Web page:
Japanese industry confronts EU’s PFAS ban amid domestic contamination discovery

As Japan is uncovering the country's PFAS contamination, its industry has launched a frontal attack on the EU's PFAS ban.

Published on 26 Feb 2024

This autumn, when the European Chemical Agency (ECHA) closed the book on its six-month-long public consultation for the proposal to ban PFAS in the EU, it did so with a record-breaking number of comments. The agency received over 5600 comments from 4400 organisations, companies and individuals.

As the ban is proposed for the EU only and not globally, you would be excused to think that the consultation would be a predominantly European affair. However, since many PFAS producers and users are based outside of Europe and rely on an undisturbed flow of PFAS chemicals in the global supply chain, the public consultation has received global input.

But no other non-EU country is even close to the level of comments that Japanese industry has made. In fact, Japan is the second largest contributor to the PFAS consultation overall. Only the German industry has given more input. 


  1. Sweden (1369 comments)
  2. Germany (1298 comments)
  3. Japan (938 comments)

But, Sweden’s many comments are due to a campaign organised by the Swedish Society for Nature Conservation, which lets individuals show support for the ban. Over 90 per cent of Sweden’s input originates from this campaign, but as all comments were non-technical, they will not be considered in the overall evaluation. 

That means Germany has the most comments, and Japan is number two, well ahead of number three, Belgium, with 303 comments. In total, the Japanese industry accounts for almost 20 per cent of all comments in the consultation. Few other national industries have been so adamant in opposing any effort that would halt the use of PFAS chemicals globally. 

A coordinated effort to oppose the ban

Japan is no stranger to chemical contamination. The country even has a convention named after one of its cities, Minamata, which experienced severe poisoning after industrial wastewater was discharged into Minamata Bay in the 50s. The Minimata Convention is an international treaty that aims to protect humans and the environment from the effects of mercury. 

But despite the history, combined with Japan having one of the world’s largest chemical industries and many Japanese companies producing or using PFAS chemicals, the attention paid to these chemicals has been far less than in the US and EU, at least in the public domain.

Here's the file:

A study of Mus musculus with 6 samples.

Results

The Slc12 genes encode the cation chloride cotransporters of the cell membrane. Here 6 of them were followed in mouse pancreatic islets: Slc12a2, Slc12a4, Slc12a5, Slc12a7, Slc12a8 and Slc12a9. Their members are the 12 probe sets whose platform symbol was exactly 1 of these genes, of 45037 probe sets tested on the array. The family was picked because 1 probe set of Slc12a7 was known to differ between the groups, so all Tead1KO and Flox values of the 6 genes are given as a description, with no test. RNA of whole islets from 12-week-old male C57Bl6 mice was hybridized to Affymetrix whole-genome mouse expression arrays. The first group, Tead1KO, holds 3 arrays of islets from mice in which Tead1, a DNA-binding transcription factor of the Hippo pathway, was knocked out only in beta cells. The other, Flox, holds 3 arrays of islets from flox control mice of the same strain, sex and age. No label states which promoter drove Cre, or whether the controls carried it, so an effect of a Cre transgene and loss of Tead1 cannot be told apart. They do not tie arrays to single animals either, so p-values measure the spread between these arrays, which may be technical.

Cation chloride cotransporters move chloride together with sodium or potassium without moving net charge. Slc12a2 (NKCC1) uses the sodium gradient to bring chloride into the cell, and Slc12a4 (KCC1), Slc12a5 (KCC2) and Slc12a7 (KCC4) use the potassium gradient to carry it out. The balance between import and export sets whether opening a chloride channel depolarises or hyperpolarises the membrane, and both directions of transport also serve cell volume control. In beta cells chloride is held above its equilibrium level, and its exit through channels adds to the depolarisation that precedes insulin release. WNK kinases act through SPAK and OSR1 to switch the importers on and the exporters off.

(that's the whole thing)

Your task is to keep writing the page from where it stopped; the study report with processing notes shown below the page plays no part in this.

In the chemical industry, it’s a whole different story. When scratching the surface to see what’s behind the many comments in the PFAS consultation, it is evident that somebody coordinated the flood of input. 

“A webinar laying out in detail how businesses should protest the ban”

In March of 2023, the Conference of Fluoro Chemical Product Japan (FCJ), an association of fluorochemical manufacturers established in 2021, arranged a webinar laying out in detail how businesses should protest the ban. It was also said that “not providing an opinion is an admission by the individual company/organisation that they accept the proposed restriction.” 

During the webinar, it was stressed that companies should oppose the ban independently instead of using a unified voice, as strength in numbers would increase the urgency of the call. The strategy also included examples of how the ban should be opposed by pointing out the lack of alternatives and questioning the scientific evidence for banning PFAS. In addition, the FCJ also produced a paper on its view of the PFAS ban, which has been widely circulated by among people involved in the process. 

The country is dealing with nationwide PFAS pollution

About the same time as the Japanese industry was preparing its attempt to halt the PFAS ban, a Japanese study was released by two Kyoto University professors in which they had tested the blood of 551 people for four PFAS substances: PFOS, PFHxS, PFOA, and PFNA. 

The results were alarming. The average concentration for the combined presence of these four PFAS chemicals was 24.2 nanograms per millilitre. Additionally, the peak concentration observed was 124.5 nanograms per millilitre.

Although there are no specific national thresholds in Japan for PFAS blood levels, a 2022 report from the US National Academies of Sciences, Engineering, and Medicine indicated that individuals with PFAS exposure ranging from 2 to 20 nanograms per millilitre in their blood may experience “potential adverse health effects.” Meanwhile, those with exposure levels at or exceeding 20 nanograms per millilitre face “an elevated risk of adverse health effects.”

“By international comparison, the Japanese results are very high”

The European Food Safety Authority (EFSA) has an even stricter guideline set at 6.9 nanograms per millilitre.

By international comparison, the Japanese results are very high. When the staff at ChemSec tested our blood, the average PFAS was 7,1 nanograms per millilitre. The Japanese blood was almost three times as contaminated. 

In the last year or so, the country has been waking up to the issues related to PFAS. Citizen groups are forming, and concerns have been raised, especially around US military bases where the use of PFAS containing firefighting foam has been adamant, something several news outlets have been covering.

But as people are working hard to come to grips with the level of PFAS contamination in Japan, it is uncertain if they know that the country’s very own industry is thwarting their efforts to halt PFAS.